The Branford Patch readers do not disappoint -- and not only did Betsy Boynton come up with the right answer to the mystery church's identity, but other readers offered several fantastic historical tidbits about their guesses.
Frank Barron wrote:
How about the old Methodist Church that stood on South Main in 1875 and then later became Gaylord's Opera House-might it be that particular church?
Last week's image was not of the old Methodist Church, but what a fantastic history! The church disbanded in 1878, only three years after it was founded. Located at 85 South Main St., the building was purchased by Branford physician Dr. Charles W. Gaylord. He converted the church into the Gaylord Opera House, originally using it as a space for lectures, but later expanding it as a public hall. The space offered entertainment to the public for several years before it was closed in 1896. Dr. Gaylord then converted it into medical offices for his practice. It has since become apartment buildings.
The current Methodist Church in Branford had no continuity from the old church in the 1800s; a Methodist Society was founded in Branford in 1965, and they became officially organized as a congregation the next year. They initially met on the property of the old Oasis restaurant. The current church on East Main St. was built from 1979 to 1981.
Linda Franklin-Biggs wrote:
Perhaps the original church building on 53 Hopson Avenue that burnt down in the late 1800s and was later rebuilt?
Linda's referring to the Swedish Lutheran Church that later moved and became Tabor Lutheran. The congregation was founded in 1888, and the church fire that happened in 1892 did not completely destroy the building -- in fact, the building is currently the home of Church of the Good Shepherd. Tabor Lutheran moved to its current location in 1957.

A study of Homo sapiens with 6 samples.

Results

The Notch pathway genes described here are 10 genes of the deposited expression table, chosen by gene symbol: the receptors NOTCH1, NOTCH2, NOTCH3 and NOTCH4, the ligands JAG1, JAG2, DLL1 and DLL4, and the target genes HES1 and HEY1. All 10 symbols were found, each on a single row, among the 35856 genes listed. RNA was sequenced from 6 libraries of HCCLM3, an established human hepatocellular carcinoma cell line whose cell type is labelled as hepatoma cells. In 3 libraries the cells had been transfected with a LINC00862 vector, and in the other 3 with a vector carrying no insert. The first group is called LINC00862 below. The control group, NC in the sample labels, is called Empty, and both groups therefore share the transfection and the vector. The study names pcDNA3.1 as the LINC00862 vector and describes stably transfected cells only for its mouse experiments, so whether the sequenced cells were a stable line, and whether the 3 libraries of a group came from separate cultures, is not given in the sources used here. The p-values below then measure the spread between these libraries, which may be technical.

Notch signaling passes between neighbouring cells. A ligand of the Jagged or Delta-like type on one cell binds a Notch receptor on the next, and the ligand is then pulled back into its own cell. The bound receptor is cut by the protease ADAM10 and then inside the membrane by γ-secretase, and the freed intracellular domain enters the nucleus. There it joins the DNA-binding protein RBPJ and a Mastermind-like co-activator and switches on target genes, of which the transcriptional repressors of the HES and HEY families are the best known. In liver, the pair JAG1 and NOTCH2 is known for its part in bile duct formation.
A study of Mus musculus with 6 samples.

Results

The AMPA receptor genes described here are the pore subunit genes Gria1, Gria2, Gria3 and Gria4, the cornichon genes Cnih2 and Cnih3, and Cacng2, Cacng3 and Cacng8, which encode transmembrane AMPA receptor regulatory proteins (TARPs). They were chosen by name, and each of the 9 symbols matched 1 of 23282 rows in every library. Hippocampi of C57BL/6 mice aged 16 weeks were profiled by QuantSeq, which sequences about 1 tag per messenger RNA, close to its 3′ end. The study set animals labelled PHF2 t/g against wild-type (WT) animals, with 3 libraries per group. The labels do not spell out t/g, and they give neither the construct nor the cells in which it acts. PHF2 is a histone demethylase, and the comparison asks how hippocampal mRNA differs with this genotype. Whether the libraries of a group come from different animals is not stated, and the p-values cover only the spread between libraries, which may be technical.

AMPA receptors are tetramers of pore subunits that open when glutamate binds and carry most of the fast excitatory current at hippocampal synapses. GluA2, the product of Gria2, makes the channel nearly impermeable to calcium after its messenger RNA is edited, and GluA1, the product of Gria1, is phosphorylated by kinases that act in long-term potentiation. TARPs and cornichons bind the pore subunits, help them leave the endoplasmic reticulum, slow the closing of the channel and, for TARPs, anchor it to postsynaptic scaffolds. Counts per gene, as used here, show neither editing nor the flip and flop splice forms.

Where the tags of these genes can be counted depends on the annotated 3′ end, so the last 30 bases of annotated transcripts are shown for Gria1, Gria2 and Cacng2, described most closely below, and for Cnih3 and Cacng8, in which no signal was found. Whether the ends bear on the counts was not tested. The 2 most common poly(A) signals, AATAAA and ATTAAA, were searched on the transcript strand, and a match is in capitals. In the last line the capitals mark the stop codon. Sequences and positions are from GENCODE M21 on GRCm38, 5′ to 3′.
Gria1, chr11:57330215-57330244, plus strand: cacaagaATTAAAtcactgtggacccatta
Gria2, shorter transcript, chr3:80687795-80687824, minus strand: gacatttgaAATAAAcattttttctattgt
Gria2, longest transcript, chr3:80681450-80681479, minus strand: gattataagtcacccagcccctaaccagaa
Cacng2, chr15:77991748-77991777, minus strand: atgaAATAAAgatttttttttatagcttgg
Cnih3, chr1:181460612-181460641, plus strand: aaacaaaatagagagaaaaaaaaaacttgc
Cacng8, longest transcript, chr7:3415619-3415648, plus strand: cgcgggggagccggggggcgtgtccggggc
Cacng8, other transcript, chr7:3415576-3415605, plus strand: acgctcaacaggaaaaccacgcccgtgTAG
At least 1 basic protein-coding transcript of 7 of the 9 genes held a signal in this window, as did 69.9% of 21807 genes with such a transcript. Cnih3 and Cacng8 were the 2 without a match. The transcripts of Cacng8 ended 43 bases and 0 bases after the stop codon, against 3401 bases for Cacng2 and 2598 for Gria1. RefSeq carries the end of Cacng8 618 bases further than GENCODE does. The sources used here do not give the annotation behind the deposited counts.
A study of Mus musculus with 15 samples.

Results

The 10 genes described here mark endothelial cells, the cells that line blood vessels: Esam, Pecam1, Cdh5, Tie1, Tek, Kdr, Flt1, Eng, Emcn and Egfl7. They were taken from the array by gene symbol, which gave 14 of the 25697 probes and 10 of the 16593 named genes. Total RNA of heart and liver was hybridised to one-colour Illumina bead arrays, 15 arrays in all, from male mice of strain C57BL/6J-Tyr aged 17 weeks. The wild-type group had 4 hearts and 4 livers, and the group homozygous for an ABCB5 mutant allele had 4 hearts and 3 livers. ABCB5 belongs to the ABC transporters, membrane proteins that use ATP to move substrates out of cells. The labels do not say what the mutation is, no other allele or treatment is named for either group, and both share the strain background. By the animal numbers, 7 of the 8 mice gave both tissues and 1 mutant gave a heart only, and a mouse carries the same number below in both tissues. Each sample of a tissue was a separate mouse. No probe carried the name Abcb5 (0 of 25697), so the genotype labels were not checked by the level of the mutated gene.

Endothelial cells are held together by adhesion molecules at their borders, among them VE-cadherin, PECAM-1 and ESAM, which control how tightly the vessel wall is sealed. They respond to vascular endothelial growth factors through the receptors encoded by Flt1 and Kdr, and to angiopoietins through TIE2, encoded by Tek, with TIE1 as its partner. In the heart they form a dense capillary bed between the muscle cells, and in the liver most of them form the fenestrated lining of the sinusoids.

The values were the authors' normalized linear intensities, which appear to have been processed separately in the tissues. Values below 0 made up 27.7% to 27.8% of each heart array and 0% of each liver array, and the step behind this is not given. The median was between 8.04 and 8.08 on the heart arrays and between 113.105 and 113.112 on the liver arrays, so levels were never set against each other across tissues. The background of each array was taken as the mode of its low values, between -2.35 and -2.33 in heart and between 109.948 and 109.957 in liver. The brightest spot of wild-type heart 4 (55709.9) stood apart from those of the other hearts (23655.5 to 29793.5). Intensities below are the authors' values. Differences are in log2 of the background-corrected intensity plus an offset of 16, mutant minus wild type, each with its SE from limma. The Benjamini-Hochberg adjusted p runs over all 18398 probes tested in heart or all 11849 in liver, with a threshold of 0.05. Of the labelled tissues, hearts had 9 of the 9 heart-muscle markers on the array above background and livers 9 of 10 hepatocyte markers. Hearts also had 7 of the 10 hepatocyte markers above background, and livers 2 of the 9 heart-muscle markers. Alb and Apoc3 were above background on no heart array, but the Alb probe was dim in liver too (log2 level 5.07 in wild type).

More information about those and other historic churches in Branford is available at the town of Branford website in an excellent article by David Driessens.
As Betsy recognized, the identity of the mystery photo is Grace Chapel of Branford Point. It stood at 91 Harbor Street and was built in 1880 by Episcopal sexton Isaac Brown, who had served at Grace Episcopal Church of New York City for 35 years. Brown, an annual summer guest to the Branford Point Hotel, wanted to make sure there was a church to serve other summer residents like him. Services were held on Sundays at 4 p.m. Though the chapel came under the official parish leadership of Trinity Episcopal Church, services were conducted by ministers from the churches in Branford Center.
As the resort era dwindled, so did need for the church. Its last service was a baptism in 1919. When the property was sold in 1925, the building was torn down, as was required by the rules of the Episcopal church. A home was built for the Wadstrom family on the church's original foundation.